Allyson N. Hammerstedt, Esq.
Allyson N. Hammerstedt is a partner at Dunn and Dunn. She is a is a skilled attorney and seasoned litigator, having successfully defended clients in state and federal courts. Ms. Hammerstedt focuses her practice on the representation of healthcare professionals and institutions in medical malpractice actions and before regulatory boards, agencies, and committees. Her current areas of practice also include healthcare law, product liability, privacy and HIPAA compliance, premises liability, commercial litigation, and personal injury matters spanning from minor to catastrophic injuries and death.
Ms. Hammerstedt has experience in all phases of litigation including initial investigation, motion practice, discovery and depositions, summary judgment, trial, and appeals. She also has a strong interest in and experience with alternative dispute resolution and Communication, Apology and Resolution (CARe) programs. Her time working in-house at a local academic medical center affords her with unique insight into supporting and defending the delivery of healthcare. Prior to joining Dunn & Dunn, Ms. Hammerstedt also worked with a local defense firm, where she focused her practice defending caregivers in malpractice actions and before regulatory boards throughout Massachusetts and Rhode Island.
Ms. Hammerstedt presents to hospital Grand Rounds, provider groups and risk management programs on medicolegal matters, healthcare ethics and developing legal and regulatory issues within the healthcare space. She has also served as a guest lecturer on hospital law at New England Law | Boston.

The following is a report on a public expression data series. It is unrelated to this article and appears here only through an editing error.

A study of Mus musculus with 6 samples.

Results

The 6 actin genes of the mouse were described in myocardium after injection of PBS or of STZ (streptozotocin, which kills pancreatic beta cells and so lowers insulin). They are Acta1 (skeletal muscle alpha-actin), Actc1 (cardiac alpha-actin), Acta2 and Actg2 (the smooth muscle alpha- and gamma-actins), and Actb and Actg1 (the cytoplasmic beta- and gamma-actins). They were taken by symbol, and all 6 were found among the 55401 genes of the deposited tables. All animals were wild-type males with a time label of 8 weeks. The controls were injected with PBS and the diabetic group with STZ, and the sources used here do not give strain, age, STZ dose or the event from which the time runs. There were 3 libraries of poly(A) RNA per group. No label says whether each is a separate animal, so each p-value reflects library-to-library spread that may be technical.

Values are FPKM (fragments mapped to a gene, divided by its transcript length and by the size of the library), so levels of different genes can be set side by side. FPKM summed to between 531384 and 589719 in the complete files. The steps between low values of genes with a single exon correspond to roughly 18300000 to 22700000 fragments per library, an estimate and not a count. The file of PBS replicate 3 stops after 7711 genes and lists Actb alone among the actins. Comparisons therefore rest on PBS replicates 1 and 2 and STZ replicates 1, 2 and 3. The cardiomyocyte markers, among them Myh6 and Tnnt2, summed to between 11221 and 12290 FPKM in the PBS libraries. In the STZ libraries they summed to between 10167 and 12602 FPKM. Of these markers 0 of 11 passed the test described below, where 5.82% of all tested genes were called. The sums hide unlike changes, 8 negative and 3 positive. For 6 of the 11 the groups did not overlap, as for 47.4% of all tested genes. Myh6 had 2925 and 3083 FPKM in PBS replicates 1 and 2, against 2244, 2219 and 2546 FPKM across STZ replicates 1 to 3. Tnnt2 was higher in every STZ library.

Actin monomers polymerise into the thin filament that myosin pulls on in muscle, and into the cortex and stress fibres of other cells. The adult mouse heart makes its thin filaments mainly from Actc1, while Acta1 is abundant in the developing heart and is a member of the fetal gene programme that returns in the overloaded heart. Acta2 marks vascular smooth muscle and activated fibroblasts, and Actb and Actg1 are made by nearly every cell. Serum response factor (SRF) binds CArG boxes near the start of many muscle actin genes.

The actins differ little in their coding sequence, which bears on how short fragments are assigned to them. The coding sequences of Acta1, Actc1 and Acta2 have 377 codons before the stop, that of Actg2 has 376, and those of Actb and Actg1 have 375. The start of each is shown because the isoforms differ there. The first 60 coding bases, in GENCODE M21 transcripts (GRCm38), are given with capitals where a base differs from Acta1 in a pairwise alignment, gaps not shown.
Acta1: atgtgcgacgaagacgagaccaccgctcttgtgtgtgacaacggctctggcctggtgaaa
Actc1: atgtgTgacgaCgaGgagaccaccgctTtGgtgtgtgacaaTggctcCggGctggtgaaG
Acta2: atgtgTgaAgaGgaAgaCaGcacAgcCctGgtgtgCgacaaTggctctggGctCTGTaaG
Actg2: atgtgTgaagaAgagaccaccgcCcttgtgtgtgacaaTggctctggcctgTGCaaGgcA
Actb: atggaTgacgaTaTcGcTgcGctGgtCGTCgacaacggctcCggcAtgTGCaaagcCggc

Ms. Hammerstedt is admitted to practice in the Commonwealth of Massachusetts, the United States District Court for the District of Massachusetts, Rhode Island, the United States District Court for the District of Rhode Island, the United States Court of Appeals for the First Circuit, and the United States Supreme Court.
In 2018, Ms. Hammerstedt successfully argued before the Massachusetts Supreme Judicial Court in Polanco v. Sandor, M.D. (SJC-12389), which is the leading decision holding that a surety bond in the face amount of the statutory requirement is not the ‘equivalent’ in cash for purposes of G.L. c. 231, §60B. The same year, she was named a Lawyer of the Year by Massachusetts Lawyers Weekly. In addition, she has been recognized as a “Rising Star” in Boston Magazine and New England Super Lawyers in Personal Injury – Medical Malpractice Defense based on a vote of licensed attorneys in the state and a review by an independent blue-ribbon panel.
Ms. Hammerstedt is a graduate of The Catholic University of America where she earned a Bachelor of Arts (B.A.) in Political Science with minors in Philosophy and French. Thereafter, she attended and graduated from New England Law | Boston (J.D.), during which she clerked for several prestigious law firms in Boston, assisting in complex litigation actions on behalf of plaintiffs and defendants.
Ms. Hammerstedt was recently selected for a one-year Fellowship in Bioethics at Harvard Medical School, which includes an academic appointment as a research fellow in the HMS Department of Global Health and Social Medicine (2021-2022).
Other reported decisions:
Adams v. Stone, et al., 87 Mass. App. Ct. 1123; 31 N.E.3d 77 (2015) holding that an expert opinion for purposes of a medical malpractice tribunal is insufficient where the expert fails to consider the patient’s delay in seeking treatment and failure to follow providers’ recommendations for further care.
De Gonzalez v. Harder et al., 86 Mass. App. Ct. 1107; 13 N.E.3d 1027 (2014) holding that an expert opinion for purposes of a medical malpractice tribunal is insufficient where the expert makes a generic, conclusory statement and fails to state with specificity the applicable standard of care required.
Cote v. Roodhouse et al., 86 Mass. App. Ct. 1112; 16 N.E.3d 526 (2014) holding that an expert opinion for purposes of a medical malpractice tribunal is insufficient where the expert’s opinion is based on assumption of facts that have no roots in the evidence.